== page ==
Hindi, Urdu: rahegaa hoke hii


Senior Member
Castellano de Argentina
Friends,

What on earth does "rahegaa hoke hii" mean, both in general, or in the stanza below?

honaa hai / jo honaa hai rahegaa hoke hii
hotaa hai / jo mil jaataa hai koii
hogaa yah hai jaanaa maiN ne mil ke tum se hii
[Are you feeling it tonight?]
[I am feeling it tonight]


It belongs to the chorus of the 2014 Indian action movie (and song of the same name) "Bang, Bang!", which as the name indicates, should not be overly complicated. But those are too many "honaa" together for me :)

My attempt:
It must happen / Whatever must happen, will just keep happening
It happens / when someone is met ...


But shouldn't have been "rahegaa honaa" then?
Why hoke?
"... will continue to have happened?"
I am not sure that makes sense even in English.

Please orient me.
Thanks in advance.
 
  • Jashn

    Senior Member
    Canadian English
    I wonder if it isn't the word order that's confusing?

    jo hona hai / hoke hi / rahega

    What has to happen / only having happened / will remain
     

    littlepond

    Senior Member
    Hindi
    "(verb) ke (hii) raihnaa" - it has to happen.

    A commonly used phrasing. For example, "exam meN yeh savaal aa ke rahegaa" - this question has to come in the exams (the speaker is sure about it). Another example: "ab voh us se mil jo liyaa, pyaar to ho ke hii rahegaa" - now that he/she has met him/her, love has to bloom (between them)".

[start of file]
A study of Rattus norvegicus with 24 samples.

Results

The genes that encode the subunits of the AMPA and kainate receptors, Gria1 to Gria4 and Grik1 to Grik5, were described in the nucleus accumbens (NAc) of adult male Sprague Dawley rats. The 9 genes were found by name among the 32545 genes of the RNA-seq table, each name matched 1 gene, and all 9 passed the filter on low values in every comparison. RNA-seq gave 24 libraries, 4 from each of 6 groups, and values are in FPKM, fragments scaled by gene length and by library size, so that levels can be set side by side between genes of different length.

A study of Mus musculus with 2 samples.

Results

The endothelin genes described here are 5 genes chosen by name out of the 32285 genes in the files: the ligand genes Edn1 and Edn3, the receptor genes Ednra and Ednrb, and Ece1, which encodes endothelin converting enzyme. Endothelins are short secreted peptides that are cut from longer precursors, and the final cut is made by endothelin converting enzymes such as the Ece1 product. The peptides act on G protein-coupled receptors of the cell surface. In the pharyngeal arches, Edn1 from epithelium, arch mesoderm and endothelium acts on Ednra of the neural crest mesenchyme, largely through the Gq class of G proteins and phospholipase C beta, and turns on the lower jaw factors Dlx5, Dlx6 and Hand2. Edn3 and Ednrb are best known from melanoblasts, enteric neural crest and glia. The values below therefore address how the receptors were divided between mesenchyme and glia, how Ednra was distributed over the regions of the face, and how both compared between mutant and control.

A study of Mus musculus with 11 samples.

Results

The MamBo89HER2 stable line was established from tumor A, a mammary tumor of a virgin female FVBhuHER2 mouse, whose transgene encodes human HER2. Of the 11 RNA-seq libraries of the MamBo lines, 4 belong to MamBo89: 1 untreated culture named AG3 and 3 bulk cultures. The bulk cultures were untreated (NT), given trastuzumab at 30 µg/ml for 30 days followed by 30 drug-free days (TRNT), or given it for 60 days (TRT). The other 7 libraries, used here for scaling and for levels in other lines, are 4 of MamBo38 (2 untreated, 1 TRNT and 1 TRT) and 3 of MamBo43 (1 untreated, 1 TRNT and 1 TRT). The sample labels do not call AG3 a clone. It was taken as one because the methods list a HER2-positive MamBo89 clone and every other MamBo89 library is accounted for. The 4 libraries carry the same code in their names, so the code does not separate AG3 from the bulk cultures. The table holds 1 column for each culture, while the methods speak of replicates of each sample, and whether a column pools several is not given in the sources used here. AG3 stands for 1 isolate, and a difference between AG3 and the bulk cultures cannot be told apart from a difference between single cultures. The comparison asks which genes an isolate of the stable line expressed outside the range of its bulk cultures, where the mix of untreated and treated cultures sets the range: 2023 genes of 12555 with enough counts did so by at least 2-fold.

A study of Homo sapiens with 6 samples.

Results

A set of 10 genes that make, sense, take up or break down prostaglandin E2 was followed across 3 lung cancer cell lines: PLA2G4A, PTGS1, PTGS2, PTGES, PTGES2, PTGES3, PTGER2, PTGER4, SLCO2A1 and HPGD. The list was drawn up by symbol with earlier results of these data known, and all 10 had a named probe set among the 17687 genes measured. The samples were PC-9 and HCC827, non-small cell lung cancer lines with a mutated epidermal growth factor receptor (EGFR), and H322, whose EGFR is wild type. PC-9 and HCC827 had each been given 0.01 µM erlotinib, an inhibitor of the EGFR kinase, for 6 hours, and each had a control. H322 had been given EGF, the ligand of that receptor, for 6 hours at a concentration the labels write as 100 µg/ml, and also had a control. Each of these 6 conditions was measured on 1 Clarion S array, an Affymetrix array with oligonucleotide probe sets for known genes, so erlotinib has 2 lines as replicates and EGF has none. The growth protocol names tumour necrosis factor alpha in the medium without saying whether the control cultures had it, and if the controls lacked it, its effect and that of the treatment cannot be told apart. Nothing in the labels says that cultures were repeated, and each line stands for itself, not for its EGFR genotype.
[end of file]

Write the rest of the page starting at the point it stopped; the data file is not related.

For a past inevitability, one uses "honaa hii thaa". There's a popular song of some years back, called "pyaar to honaa hii thaa".
     

    aevynn

    Senior Member
    USA
    English, Hindustani
    @littlepond's explanation certainly results in a more idiomatic English translation, but, FWIW, I also like @Jashn's explanation of why this grammatical construction has the idiomatic meaning that it does (V-ke hii rahegaa → will only remain/stay/stop/... after having V-ed → has to V).

    PS. Incidentally, the jo honaa hai part of the line seems like another example of what I called construction (III) in this post! :)
     
    Last edited:

    littlepond

    Senior Member
    Hindi
    I don't think the sense of "remain" can be taken for "rahega" in "(verb) ke rahegaa" constructions.

    "voh yahaaN aa ke hii rahegaa" ~ "voh yahaaN aa ke hii dam maaregaa" : In this, to parse it as "he, only having come here, will remain" would be a wrong meaning. The sentence means, rather, "he has to come here", with "has to" in the sense of "he has determined to come here", i.e., his coming here is now unstoppable.

    The "(verb) ke rahegaa" construction implies unstoppability (as perceived by the speaker, of course). (The "has to" does not imply obligation.)
     

    aevynn

    Senior Member
    USA
    English, Hindustani
    I don't disagree with anything you've said :) There probably isn't a good, idiomatic English translation that literally uses the word "remain." I just thought that words like "remain" and "stay" and "stop" are all pretty similar in meaning, and it felt to me that, by thinking about the construction V-ke (hii) rahnaa in the way that Jashn broke it down, one might still be able to understand *roughly* what the construction means.